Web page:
This CNN article is typical. The journalist gets most of her facts right, but her lack of context because she hasn’t been following the subject closely causes her to not understand the reasons why the Falcon Heavy will fly less than the Falcon 9.
Falcon Heavy is not expected to fly nearly as often as its smaller counterpart, which has completed more than 20 missions since last February. Falcon Heavy only has five missions on its manifest so far.
The basic facts in this quote are entirely true, but it somehow implies that the Falcon Heavy is simply not that much in demand, which isn’t true. The reason Falcon Heavy has approximately one quarter of the missions of the Falcon 9 is because it is still new and it hasn’t yet garnered the customers. Also, as a slightly more expensive rocket than the Falcon 9 ($90 million per launch vs $60 million) fewer customers are going to buy it.
Still, the Falcon Heavy has more than five missions upcoming, with contracts for at least seven launches, by my count, and having this many contracts this quickly is remarkable, considering the rocket’s newness. It is more than the Russians are getting for their Proton rocket, around since the 1960s. And it is almost as many contracts as both Arianespace and ULA are each getting on a yearly basis.
Falcon Heavy is clearly becoming a big financial success, and will in the next few years I think routinely fly three to four times per year. There is a lot of demand for it, which will only grow with time.
This flaw in getting the background right by the CNN reporter is not really a big deal, but it does illustrate why it is better for ordinary citizens to get their news not from generalists in the mainstream press but from specialists in each field (such as myself), who understand the details more closely and can get the context right.
However, every once in awhile the mainstream press publishes a story that is so egregious and badly written that I think it necessary to give it a public pan, if only to make others aware of that this kind of bad journalism is not unusual. I also admit that it can be quite entertaining to highlight this pitifully bad journalism.
Yesterday one of Houston’s local television stations, KPRC-TV, published its own quick report on the Falcon Heavy launch. And boy, was that report a facepalm.
Instead of reporting the launch itself, the reporter decided to focus entirely on the reaction of a former space shuttle astronaut to SpaceX’s success: Retired astronaut weighs in on successful SpaceX launch.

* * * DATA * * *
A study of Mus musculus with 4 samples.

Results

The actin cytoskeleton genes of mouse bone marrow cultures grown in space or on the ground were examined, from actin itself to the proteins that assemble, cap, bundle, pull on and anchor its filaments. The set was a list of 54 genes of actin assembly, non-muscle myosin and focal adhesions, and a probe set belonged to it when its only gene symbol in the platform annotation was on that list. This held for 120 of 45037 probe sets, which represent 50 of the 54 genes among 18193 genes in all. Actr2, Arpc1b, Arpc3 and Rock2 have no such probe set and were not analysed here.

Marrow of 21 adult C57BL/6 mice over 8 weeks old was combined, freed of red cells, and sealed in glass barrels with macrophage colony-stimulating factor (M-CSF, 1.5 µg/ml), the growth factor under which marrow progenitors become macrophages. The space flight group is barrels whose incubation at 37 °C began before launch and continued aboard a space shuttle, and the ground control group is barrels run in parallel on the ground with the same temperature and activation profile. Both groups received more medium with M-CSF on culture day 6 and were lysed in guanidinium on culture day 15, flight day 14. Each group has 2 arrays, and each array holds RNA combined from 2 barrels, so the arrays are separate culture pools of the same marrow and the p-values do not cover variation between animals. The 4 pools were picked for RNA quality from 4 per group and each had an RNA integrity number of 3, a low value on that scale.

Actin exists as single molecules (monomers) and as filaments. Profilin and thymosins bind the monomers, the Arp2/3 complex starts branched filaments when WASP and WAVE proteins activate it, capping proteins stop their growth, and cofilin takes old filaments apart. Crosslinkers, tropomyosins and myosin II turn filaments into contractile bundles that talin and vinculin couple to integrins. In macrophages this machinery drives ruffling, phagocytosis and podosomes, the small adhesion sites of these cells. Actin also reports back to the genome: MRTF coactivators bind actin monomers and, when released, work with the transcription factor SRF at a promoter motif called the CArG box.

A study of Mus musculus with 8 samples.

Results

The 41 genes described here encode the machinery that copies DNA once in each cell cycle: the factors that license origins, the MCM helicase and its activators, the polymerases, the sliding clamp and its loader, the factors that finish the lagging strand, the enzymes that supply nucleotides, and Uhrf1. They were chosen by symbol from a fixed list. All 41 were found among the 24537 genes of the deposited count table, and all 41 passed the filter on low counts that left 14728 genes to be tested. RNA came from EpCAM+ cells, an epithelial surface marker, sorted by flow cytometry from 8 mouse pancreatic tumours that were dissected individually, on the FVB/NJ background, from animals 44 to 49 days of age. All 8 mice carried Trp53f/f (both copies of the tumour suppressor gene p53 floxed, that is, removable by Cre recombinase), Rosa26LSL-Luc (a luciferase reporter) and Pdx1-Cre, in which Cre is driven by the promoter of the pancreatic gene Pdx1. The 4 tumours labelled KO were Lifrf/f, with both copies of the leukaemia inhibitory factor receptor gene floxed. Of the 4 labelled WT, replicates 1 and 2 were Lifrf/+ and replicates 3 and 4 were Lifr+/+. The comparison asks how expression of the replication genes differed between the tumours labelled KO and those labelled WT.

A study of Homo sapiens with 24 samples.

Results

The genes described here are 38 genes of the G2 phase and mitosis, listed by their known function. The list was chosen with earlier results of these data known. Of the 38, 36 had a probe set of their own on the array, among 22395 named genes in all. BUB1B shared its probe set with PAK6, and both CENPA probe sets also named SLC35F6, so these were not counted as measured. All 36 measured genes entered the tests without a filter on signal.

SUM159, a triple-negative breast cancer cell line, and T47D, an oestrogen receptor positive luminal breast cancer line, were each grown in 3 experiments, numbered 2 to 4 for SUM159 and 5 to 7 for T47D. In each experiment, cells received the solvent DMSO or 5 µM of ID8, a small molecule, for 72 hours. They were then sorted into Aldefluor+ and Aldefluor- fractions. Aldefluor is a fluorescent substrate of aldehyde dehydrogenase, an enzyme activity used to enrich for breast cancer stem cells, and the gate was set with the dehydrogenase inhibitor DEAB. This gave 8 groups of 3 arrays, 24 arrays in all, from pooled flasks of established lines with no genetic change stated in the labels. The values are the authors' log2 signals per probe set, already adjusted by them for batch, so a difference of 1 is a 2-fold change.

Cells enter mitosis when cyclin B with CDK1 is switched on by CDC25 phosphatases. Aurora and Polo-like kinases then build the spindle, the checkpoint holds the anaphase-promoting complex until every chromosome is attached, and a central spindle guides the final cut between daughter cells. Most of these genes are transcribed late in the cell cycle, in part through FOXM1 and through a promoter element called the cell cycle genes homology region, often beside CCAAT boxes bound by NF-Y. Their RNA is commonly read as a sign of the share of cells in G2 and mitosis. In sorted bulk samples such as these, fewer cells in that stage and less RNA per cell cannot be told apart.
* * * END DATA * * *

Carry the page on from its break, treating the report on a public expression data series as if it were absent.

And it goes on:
The problem is that the quotes they use from the astronaut are generally incoherent, or edited together so badly as to say almost nothing. I read this short article numerous times, and the best I can guess is that the astronaut, Clayton Anderson, seems to be saying that it is important for the U.S. to regain the capability of launching its own astronauts into space, but what does that have to do with the Falcon Heavy launch, which was commercial and unmanned? I am certain Anderson made that connection, but the story completely failed to include it in the quotes, which makes his comments incomprehensible.
Anderson is then quoted as follows:
“The more you do that and the more you repeat that function, the better off you’re gonna be,” Anderson said. “And the quicker you’re gonna get to this multiple launch, frequency of launch and the things we need to keep it going.”
Huh? I think he is referring to the reusability of SpaceX’s rockets, but if so the article does not make this clear. Instead, the article and Anderson both imply that NASA must lead, and teach these upstart private companies how to do this right.
To this absurd premise I found myself giggling uncontrollably. NASA teach SpaceX how to do something? Hah!
Finally, the article paraphrases an Anderson quote that is so wrong it embarrasses them both terribly:
Anderson said although NASA’s budget has been stripped drastically in recent years, in his view, space exploration is an investment by taxpayers that produces returns for citizens across the entire planet.
Really? In 2005 NASA’s budget was $16.2 billion. Since then the agency’s budget has been steadily increased, so that in 2019 its budget was $19.2 billion, with the strong likelihood it will top $20 billion in 2020. Hardly getting “stripped drastically” if you ask me. For Anderson to say this and for this news organization to not question it is quite disgraceful. It indicates either an appalling ignorance of some very basic facts, or a dishonesty and willingness to lie for political reasons that is even worse.
Rather than report on SpaceX’s success, both Anderson and the reporter seem instead focused on twisting this success of private enterprise into a reason to give NASA more money.
Ugh. When I read this I didn’t know whether to be angry or disgusted. Either way, this is the worst sort of journalism, allowing a government worker (which in this context this astronaut is) to lobby for more tax dollars, with no questioning at all.
I realize that this example of bad journalism is really somewhat trivial, and that I might be making a mountain out of a molehill. At the same time, I think my readers should see my impression of space reporting by the general press. It might help you see this reporting in a more objective light.